Lucas declined a request to comment. But Jeffrey Connor, Emerson’s chief of staff, said that Lucas had not lobbied the congresswoman previously and that Emerson had not changed her position. “If you look at the congresswoman’s record on the health-care bill, she is extremely consistent in her opposition to it,” he said.
Michael Bloomquist, deputy general counsel for the Energy and Commerce Committee, lobbied last year on four bills that were before the panel, according to lobbying disclosures. Committee Chairman Fred Upton (R-Mich.) recently introduced a new version of one of those bills, which would delay new regulation of greenhouse gases by the Environmental Protection Agency. An energy subcommittee approved the measure last week.
Maryam Brown, the committee’s chief energy counsel and one of those who helped draft the legislation, was paid more than $270,000 as a ConocoPhillips lawyer in 2009 and 2010, according to House records. The company’s chief executive argued before the committee in 2010 against EPA regulation of greenhouse gases, saying it was the “wrong way” to deal with climate change.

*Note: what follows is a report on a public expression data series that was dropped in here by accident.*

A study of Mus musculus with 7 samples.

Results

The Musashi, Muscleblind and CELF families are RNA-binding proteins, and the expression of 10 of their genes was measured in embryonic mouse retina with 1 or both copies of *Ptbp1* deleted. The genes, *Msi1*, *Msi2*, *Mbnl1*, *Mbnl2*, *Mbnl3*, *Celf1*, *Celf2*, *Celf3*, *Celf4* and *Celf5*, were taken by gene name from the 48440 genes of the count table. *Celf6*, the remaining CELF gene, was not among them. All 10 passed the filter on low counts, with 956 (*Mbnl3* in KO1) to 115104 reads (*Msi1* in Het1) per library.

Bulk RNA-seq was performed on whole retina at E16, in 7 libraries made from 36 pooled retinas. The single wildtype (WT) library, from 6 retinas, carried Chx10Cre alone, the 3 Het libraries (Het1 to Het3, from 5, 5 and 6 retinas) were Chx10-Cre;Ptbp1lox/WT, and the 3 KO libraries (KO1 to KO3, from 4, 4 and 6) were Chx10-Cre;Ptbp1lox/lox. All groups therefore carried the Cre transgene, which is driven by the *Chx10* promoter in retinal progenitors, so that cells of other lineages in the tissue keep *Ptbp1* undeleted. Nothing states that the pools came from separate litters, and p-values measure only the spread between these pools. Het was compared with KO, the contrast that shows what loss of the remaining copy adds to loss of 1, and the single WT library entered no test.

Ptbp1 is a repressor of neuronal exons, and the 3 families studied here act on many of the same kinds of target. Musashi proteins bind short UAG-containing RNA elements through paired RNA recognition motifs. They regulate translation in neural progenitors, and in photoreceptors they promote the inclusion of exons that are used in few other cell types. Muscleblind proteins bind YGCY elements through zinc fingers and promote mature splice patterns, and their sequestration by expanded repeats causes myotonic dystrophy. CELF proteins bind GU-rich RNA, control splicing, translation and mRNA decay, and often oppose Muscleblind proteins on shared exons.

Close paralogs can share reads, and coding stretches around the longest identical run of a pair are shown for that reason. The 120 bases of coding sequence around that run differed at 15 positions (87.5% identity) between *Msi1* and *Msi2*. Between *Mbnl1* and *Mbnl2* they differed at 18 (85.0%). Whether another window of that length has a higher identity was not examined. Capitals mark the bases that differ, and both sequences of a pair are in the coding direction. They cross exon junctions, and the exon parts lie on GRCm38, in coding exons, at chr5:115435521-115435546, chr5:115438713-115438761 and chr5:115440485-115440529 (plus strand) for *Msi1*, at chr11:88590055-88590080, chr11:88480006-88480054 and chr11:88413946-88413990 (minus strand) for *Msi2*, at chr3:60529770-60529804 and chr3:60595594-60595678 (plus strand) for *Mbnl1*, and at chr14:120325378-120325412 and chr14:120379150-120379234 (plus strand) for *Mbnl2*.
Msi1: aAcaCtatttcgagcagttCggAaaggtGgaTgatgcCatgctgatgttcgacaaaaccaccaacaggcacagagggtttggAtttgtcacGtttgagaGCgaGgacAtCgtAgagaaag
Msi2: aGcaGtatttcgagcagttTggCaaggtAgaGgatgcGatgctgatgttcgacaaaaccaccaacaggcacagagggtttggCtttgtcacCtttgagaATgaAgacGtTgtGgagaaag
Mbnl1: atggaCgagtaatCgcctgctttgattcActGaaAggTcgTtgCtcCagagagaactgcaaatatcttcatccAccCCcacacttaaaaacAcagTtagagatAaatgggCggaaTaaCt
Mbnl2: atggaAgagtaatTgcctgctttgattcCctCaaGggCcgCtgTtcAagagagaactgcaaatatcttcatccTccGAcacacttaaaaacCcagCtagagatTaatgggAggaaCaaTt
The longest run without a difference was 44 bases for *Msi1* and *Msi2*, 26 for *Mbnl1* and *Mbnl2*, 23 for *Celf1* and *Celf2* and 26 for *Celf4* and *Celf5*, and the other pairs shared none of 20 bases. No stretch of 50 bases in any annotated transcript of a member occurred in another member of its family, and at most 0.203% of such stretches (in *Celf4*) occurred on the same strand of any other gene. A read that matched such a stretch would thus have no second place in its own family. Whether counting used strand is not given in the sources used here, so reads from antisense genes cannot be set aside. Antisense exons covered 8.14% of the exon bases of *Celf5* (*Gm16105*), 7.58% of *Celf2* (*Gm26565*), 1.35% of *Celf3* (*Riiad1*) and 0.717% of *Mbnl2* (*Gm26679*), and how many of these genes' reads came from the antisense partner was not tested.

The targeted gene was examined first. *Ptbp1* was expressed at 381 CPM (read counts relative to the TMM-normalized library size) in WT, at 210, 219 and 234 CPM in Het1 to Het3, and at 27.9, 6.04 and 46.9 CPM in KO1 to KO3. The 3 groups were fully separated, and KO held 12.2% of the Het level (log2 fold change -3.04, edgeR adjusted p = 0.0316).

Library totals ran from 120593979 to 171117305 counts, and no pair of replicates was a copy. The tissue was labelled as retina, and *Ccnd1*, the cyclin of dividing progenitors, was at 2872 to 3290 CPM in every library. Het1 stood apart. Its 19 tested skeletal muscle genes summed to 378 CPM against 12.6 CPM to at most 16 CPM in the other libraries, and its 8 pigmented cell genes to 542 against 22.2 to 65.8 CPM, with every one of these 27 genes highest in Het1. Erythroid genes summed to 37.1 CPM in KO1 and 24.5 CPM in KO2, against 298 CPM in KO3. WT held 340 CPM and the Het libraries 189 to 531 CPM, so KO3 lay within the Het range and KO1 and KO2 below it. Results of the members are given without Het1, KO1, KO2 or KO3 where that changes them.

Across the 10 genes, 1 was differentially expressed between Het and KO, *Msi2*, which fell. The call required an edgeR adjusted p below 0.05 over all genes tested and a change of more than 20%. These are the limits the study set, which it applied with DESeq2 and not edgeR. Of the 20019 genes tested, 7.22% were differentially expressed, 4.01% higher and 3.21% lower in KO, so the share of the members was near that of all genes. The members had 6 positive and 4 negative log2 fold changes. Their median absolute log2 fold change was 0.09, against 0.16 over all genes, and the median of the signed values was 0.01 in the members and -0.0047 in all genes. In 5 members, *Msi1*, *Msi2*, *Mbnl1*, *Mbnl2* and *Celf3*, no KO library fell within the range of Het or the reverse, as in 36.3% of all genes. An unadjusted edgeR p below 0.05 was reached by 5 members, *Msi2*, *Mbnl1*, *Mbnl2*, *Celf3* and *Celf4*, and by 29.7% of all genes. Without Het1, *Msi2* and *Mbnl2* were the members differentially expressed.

Environmental advocates and others opposed to the legislation have pointed to some of Upton’s new committee staffers as a problem.
“Quite literally, the people from ConocoPhillips and all these other energy companies are now sitting at his desk and helping to write legislation that will have a direct impact on the bottom line of energy companies,” said Melinda Pierce, deputy director of national campaigns at the Sierra Club.
Bloomquist and Brown declined to comment, but committee spokeswoman Alexa Marrero said the panel “has a large, talented staff from a wide range of backgrounds, including individuals who have expertise on U.S. energy policy.” She said that Upton requires staff members to recuse themselves from issues that specifically affect a former employer but that Brown was not recused because “ConocoPhillips would not be affected differently than any other organization.”
Bloomquist, she said, has a “largely parliamentary role,” rather than a policymaking role.
Research editor Alice Crites contributed to this report.